In the book Hard Drive: Bill Gates and the Making of the Microsoft
Empire, by James Wallace and Jim Erickson, on page 124 (Chapter 3, The
Microkids) there are the following paragraphs:
... the microcomputer group, including Gates, passed the time on the
airport terminal floor by playing a dice game called Petal Around the
Rose. Gates had not played the game before, but he was eager to try
his competitive hand. The game had been developed by students at the
University of Southern California. Five dice are thrown, and the
player is told three things: the name of the game is Petal Around the
Rose, the answer is always even, and there is a correct answer for
each throw of the dice. The player is told nothing else. If someone
gets the right answer five times in arow, its considered prima facie
evidence they understand the game and they are sworn to secrecy.
Its a difficult game. Some catch on after only a few throws of the
dice, others need weeks, and a few never get it. Frustrated players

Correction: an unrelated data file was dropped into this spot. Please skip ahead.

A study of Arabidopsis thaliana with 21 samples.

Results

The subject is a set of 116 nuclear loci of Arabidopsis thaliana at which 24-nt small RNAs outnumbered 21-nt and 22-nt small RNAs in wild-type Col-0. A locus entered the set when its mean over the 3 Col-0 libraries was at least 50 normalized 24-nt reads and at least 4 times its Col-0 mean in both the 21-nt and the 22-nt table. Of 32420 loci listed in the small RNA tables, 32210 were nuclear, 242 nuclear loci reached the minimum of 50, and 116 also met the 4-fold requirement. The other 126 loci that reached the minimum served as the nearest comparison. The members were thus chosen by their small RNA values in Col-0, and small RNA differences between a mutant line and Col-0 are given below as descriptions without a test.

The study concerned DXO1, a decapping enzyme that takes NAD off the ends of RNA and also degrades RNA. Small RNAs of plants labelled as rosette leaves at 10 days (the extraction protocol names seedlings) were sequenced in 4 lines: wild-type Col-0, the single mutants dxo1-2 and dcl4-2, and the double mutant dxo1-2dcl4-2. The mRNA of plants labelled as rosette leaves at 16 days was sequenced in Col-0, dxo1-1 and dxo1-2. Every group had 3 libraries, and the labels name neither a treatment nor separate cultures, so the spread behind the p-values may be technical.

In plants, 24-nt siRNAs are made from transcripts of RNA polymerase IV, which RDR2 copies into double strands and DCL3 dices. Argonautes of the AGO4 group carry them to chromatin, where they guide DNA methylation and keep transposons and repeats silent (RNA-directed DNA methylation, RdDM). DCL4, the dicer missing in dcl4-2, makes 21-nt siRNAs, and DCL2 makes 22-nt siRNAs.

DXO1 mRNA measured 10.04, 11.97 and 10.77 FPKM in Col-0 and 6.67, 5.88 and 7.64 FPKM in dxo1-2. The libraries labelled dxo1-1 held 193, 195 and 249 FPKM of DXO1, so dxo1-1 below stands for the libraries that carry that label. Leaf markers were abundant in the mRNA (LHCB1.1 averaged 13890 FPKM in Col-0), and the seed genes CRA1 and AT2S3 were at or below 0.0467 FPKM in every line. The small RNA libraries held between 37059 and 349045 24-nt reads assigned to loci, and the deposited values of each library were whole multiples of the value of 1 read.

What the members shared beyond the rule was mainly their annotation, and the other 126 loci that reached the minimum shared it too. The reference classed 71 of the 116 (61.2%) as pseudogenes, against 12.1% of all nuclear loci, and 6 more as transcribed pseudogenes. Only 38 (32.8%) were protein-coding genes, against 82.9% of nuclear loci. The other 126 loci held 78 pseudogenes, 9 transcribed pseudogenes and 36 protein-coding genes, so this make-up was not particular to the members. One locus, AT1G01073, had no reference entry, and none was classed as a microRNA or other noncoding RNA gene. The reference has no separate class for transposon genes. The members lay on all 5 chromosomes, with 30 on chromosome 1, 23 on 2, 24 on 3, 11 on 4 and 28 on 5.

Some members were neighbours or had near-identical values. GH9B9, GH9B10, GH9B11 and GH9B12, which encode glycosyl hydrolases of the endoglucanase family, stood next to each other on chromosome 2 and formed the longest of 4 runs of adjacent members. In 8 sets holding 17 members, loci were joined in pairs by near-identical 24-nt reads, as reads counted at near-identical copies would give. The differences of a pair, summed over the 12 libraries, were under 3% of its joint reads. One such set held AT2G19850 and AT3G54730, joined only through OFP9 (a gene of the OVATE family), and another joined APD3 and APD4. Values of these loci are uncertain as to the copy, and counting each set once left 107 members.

falling into the last category have resorted to running computer
simulations. Gates was one who never figured the game out. He did get
the right answer five times in a row, but not because he understood
what he was doing. He actually didnt have a clue. But with his
photographic memory, Gates was able to remember each correct answer
from a previous roll by another player. With five dice, it was quite a
feat of memorization.
Nelson Winkless realized that Gates was faking it when he picked up a
piece of paper Gates inadvertently dropped in the aisle of the plane
near his seat. On it Gates had written, peddle around the roses.
Knowing the proper spelling of the name of the game was essential to
solving the puzzle. His poor spelling guaranteed he would never figure
How does this dice game work and what is the solution?